Christian Wholeness 100: an Introduction

In order to serve a broader audience, I’m pausing the series on Christian Marriage for several weeks to consider how any person (married or not) can be whole in Christ.  But, first, let’s review the biblical backdrop.

God calls us to give Him our whole life (Deuteronomy 6:4-9, Matthew 22:34-40, Mark 12:28-31).  And when we trust in Him, He promises His whole salvation: from the judgment we deserve, changing our hearts and minds, and leading us to live with Him, perfected in physical paradise forever (Isaiah 52:13 – 53:12, Luke 12:22-34, Acts 13:32-43).  The wholeness of those commands and promises imply something:  even Jesus’ followers tend to be fragmented.  Let’s think about some of our tendencies.

For example, I tend to define my identity and worth by my work.  Even after I’m home with my family, I sometimes still think about how I might improve a program for the unit, prepare for tomorrow’s conversations, and follow-up on some of the concerns expressed to me in counseling.  By God’s gracious work in me over time, my focus is not as narrow as in the past.  But it’s still a tendency that can consume me if I’m not intentional.  The problem is that work is not the whole of my life or yours.

Some of you can be workaholics, too.  Or you might invest virtually all of yourself in a family member, or physical fitness, or social connections, or volunteer work, or finances, or even just entertainment.  Why do we do this?  If we’re honest, we believe our one piece of life is life or a key means to life.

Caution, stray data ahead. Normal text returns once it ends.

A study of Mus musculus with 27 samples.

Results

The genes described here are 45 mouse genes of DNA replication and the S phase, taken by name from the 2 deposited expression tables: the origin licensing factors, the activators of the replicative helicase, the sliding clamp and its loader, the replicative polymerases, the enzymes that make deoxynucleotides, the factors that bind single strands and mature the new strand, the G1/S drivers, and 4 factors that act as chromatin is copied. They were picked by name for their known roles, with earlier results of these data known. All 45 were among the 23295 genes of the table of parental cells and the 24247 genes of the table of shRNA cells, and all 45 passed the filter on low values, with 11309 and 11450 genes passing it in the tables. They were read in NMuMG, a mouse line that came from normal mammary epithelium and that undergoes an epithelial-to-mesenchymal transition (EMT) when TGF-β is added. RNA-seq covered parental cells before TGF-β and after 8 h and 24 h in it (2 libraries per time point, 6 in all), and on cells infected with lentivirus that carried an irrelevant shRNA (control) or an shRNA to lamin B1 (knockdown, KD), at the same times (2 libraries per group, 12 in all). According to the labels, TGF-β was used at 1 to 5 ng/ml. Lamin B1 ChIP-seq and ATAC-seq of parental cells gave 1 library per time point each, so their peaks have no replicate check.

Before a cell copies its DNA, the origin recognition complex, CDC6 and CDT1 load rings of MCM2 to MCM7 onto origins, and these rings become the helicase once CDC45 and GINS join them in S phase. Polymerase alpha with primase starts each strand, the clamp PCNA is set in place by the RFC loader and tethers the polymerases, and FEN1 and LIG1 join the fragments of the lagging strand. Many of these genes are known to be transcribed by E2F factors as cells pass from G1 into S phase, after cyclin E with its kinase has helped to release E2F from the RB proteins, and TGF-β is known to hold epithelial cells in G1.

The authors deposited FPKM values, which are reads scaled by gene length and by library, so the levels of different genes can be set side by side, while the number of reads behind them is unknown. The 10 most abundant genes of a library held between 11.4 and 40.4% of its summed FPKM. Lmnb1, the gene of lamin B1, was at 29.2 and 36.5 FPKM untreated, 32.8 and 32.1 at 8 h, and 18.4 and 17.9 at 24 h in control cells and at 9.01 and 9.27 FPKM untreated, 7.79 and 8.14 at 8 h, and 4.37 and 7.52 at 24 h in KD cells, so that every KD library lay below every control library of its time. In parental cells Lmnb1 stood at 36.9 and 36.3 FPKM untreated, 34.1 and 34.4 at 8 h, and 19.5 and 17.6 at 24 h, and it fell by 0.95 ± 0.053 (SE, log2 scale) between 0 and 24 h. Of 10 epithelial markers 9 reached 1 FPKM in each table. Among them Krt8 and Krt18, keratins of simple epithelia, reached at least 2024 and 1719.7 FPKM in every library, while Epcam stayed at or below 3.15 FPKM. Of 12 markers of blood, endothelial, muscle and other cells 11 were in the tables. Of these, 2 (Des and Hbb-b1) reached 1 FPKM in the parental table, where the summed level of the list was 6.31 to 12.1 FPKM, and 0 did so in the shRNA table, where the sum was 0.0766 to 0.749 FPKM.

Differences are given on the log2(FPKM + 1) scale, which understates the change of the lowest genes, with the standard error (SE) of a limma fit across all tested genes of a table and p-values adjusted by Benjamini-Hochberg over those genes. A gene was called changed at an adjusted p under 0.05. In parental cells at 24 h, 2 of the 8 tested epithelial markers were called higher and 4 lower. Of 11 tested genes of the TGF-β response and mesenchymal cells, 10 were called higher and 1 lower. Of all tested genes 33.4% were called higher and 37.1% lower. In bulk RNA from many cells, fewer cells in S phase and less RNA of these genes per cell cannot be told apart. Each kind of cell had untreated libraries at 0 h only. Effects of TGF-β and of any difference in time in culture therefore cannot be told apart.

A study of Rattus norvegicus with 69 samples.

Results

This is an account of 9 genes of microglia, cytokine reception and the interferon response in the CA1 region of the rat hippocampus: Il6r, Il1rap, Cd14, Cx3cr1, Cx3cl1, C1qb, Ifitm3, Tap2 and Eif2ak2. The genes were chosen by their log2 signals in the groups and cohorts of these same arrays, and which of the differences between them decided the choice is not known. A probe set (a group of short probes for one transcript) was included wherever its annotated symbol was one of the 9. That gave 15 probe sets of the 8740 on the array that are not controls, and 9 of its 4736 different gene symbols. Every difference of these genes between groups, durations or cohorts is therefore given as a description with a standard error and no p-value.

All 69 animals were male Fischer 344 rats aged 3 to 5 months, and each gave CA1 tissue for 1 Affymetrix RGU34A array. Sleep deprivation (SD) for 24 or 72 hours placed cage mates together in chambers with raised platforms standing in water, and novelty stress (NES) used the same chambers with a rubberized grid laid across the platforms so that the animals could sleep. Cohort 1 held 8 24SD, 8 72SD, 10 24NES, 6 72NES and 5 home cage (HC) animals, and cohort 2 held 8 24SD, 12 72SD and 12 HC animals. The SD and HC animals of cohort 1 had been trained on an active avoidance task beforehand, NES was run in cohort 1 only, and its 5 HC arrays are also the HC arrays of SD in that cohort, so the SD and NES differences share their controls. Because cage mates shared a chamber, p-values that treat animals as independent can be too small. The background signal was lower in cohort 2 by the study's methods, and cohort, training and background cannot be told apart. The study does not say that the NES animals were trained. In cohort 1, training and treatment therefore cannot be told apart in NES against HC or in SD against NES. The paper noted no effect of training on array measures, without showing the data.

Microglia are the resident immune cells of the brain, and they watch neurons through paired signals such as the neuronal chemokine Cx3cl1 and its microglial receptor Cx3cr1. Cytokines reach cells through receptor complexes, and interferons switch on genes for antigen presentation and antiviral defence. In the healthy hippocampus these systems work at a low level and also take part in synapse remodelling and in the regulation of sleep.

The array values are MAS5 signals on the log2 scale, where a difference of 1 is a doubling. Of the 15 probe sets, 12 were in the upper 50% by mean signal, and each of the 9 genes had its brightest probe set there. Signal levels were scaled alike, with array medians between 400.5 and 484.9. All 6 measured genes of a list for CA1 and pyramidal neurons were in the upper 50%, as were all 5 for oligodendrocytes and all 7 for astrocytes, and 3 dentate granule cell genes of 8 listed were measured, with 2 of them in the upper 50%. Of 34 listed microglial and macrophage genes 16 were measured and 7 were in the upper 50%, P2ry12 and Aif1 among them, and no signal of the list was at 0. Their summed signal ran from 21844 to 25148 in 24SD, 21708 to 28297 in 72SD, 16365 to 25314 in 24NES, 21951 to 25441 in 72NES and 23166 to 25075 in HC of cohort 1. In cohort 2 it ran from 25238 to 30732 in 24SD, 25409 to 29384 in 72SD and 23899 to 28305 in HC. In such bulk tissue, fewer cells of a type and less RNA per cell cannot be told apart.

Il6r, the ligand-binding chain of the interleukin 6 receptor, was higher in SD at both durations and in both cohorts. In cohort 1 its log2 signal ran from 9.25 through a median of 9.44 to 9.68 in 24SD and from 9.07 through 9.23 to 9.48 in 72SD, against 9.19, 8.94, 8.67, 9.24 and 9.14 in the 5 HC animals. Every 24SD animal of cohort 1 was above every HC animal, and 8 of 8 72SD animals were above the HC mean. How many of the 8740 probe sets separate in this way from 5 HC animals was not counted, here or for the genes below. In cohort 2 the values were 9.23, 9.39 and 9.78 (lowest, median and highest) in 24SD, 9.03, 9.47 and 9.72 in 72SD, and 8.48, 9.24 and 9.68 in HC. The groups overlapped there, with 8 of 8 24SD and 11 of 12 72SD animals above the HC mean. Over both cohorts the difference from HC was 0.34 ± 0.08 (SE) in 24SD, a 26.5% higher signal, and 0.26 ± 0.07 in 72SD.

And this makes some sense.  Although our human nature’s desire for independence from God results in very real problems for each of us, God created us in His image.  So, we can’t help but value some of the things He values:  productivity, control over chaos, personal growth and prosperity, relational intimacy, peace and joy, and more.  And all of these can enjoy a measure of success in a job, family, network of friends, hobbies, etc.  But when we focus on only one part, we necessarily miss the whole.

In Francis Chan’s best-seller, “Crazy Love”, he paints a picture of our individual lives being like brief supporting roles in a movie about God.  Chan goes on to describe how silly it would be for any person to rent an entire theater, send formal invitations to all of their family and friends, gather strangers from the streets, and then fast-forward the film to the point at which the audience could glimpse the back of his (or her) head, replaying that millisecond over and over expecting a standing ovation for their part.  Yeah, right.  When we focus on our part in His story, as important as we may be, we completely miss the beauty, power, and purpose of God. (Jeremiah 9:23-24, Matthew 6:19-21, Revelation 4:10-11)

Sadly, many reject that being whole means delighting in God with all that we are and have. (Psalm 2, Matthew 21:33-46, etc.)  Before watching this week’s video, discuss the following.

  • Read Matt 10:42, Mark 12:41-44, Luke 7:36ff on being whole in even small things.
  • What part of your life gets so much focus that you neglect loving God in Christ?
  • Why would delighting in Him bring more wholeness than any focus in the world?

If Jesus had fragmented His life, how might Matthew 14:1-21 have gone differently?  Be specific.


You can see other articles and the embedded videos in this series here.